THE READING ROOM: Buffalo Rose’s Lucy Clabby on Plays, Poetry, and Playing with Words
Lucy Clabby grew up in Wilmette, Illinois, spending happy summer days reading at her spacious local public library. “They had a great YA section, and on beautiful sunny days, I could stay there all day reading,” she recalls fondly. Her deep love of reading has never left her, and she still keeps a stack of books near her at home. As one of the lead singers of the folk-roots band Buffalo Rose, she has a little more time to read these days since the band is not on the road. Since their formation in 2016, Buffalo Rose has grown from being a collection of musicians to being a band. “When I started exploring folk music, I learned that it means the people’s music,” Clabby says. “We play music by and for the people; our music explores what it means to be human, and it affirms that we are a community.”
I caught up with Clabby by phone recently, and we had a wide-ranging conversation about the classics and Shakespeare, Mary Oliver and Patti Smith, and books and reading.
What books are on your nightstand now?
I am in the middle of re-reading Ottessa Moshfegh’s My Year of Rest and Relaxation. It’s very engrossing, and that’s exactly what I need right now. Also, Kathryn Scanlan’s Aug 9 – Fog. Scanlan found a diary at an estate sale in Illinois, and she turns the entries into a kind of blackout poetry. I have been hypnotized by it. Porn Carnival by Rachel Rabbit White. It’s her first collection of poetry, with poems that revolve around themes of capitalism and labor. I’m also reading Durga Chew-Bose’s Too Much and Not the Mood, a collection of personal essays and cultural criticism. I cycle through phases of fiction and nonfiction. I always have a book of poetry with me. I really like Anne Carson, specifically her translations of classic plays like Antigone. Sometimes it’s hard to understand ancient plays from a theatrical standpoint, but a poetic standpoint often gives fresh insights into the meanings of the plays.
What’s the last book that made you laugh? That made you cry?
I think the last book that made me laugh was Madeline Miller’s Circe. It’s a modern telling of the story of the sea witch, Circe, from Homer’s Odyssey; Miller tells Circe’s story from a modern feminist perspective. Toni Morrison’s Sula was the last book that made me cry. I remember I was in a semi-public place reading it when I came to the end of the book. I kind of lost it and started crying right there. Over the course of my adult life, I have been making my way through Morrison’s writings.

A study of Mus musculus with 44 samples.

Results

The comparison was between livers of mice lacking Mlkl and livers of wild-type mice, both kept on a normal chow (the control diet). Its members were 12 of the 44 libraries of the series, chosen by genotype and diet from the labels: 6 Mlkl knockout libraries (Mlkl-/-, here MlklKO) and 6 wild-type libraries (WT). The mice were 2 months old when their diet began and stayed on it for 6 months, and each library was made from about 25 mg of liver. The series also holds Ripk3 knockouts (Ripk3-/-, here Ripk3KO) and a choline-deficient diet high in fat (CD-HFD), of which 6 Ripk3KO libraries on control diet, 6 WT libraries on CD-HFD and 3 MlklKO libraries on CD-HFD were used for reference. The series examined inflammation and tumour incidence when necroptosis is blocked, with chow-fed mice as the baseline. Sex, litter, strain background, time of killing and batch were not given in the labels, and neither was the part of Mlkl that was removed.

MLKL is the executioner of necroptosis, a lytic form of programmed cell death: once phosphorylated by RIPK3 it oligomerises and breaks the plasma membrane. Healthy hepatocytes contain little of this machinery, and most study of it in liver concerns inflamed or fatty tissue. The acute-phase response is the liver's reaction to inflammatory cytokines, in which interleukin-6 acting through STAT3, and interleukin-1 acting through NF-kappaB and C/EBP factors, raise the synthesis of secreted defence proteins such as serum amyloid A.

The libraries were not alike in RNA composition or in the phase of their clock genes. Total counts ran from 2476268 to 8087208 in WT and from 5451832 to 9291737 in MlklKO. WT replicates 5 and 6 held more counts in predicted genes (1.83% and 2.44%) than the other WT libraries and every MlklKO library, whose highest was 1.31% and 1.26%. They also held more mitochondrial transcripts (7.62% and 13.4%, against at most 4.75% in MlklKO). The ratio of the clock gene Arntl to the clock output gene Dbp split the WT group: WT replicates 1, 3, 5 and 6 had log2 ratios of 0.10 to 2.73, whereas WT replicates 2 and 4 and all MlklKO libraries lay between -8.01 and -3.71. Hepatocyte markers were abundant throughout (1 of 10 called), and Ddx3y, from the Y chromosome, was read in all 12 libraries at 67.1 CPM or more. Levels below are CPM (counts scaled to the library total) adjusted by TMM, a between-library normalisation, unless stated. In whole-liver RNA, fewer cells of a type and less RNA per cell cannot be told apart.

Describe your ideal reading situation.
I chase that feeling of not being able to put a book down. My goal in reading is to get back to that feeling. I don’t like to read in my bed.
What kind of reader were you as a child?
I would read anything. My parents subscribed to Newsweek, and I would read it while I was eating breakfast. I loved fiction. I looked for novels that had a dark edge to them. I read all of the World on Fire fantasy series, and I also loved realistic YA novels. I liked feeling that I was getting away with something by reading. That was my way to rebel. (Laughs.)
Do you prefer electronic or print?
I am very grateful for electronic, especially when I’m on the road and can’t carry lots of books with me. But I prefer print. E-books simply don’t stay with me in the same way that print books do. I love the Classic Lines bookstore here in Pittsburgh. When I want a book, they’ll order it for me.
Are there any books you have faked reading?
I have faked my way through all of Faulkner. (Laughs.) I’m looking at my shelf at my copy of Infinite Jest, and there’s a bookmark halfway through the book. I have tried my darnedest twice to get through the book and can’t get any farther.
Are there any books you want to read again for the first time?
Patti Smith’s Just Kids. That book is just magical. It got me fired up about walking the path of the artist. It reaffirmed for me the value of the artistic life.
Five books you will never part with?
John Gardner’s Grendel; Catcher in the Rye: it’s a cliché, but I’ll never tire of it; Joan Didion’s Play It as It Lays: not exactly a feel good read (laughs); Annie Dillard’s Pilgrim at Tinker Creek: that one’s definitely a talisman; Shakespeare’s A Midsummer Night’s Dream: it has universal layers of poetry and comedy.
What kinds of effects does reading have on your songwriting?
There are definitely certain authors that work on me. Some authors move me to write more, and some authors encourage me to play with words. With Annie Dillard’s writing, every single sentence is a gift, an experience. Patti Smith writes with a sense of bravado that excites me. Anne Carson writes in a way that understands longing in such a way that you can feel it. I love Mary Oliver for her simplicity. I like to read writers who use words in ways that excite me. I have sometimes taken words or phrases from poems or novels and used them in my songs, too. I was quoting Robert Frost in a song I wrote for a power pop band I was in. When I first started songwriting, I would write from the perspective of a character in a novel or story or in the song.
You’re having a dinner party, and you can invite five authors, living or dead; whom do you invite?
Toni Morrison: if given the opportunity, I would love to listen to her talk; Virginia Woolf: I think she and Morrison would get along; Tennessee Williams: he’d be such a fun dinner party guest; James Baldwin; Dorothy Parker.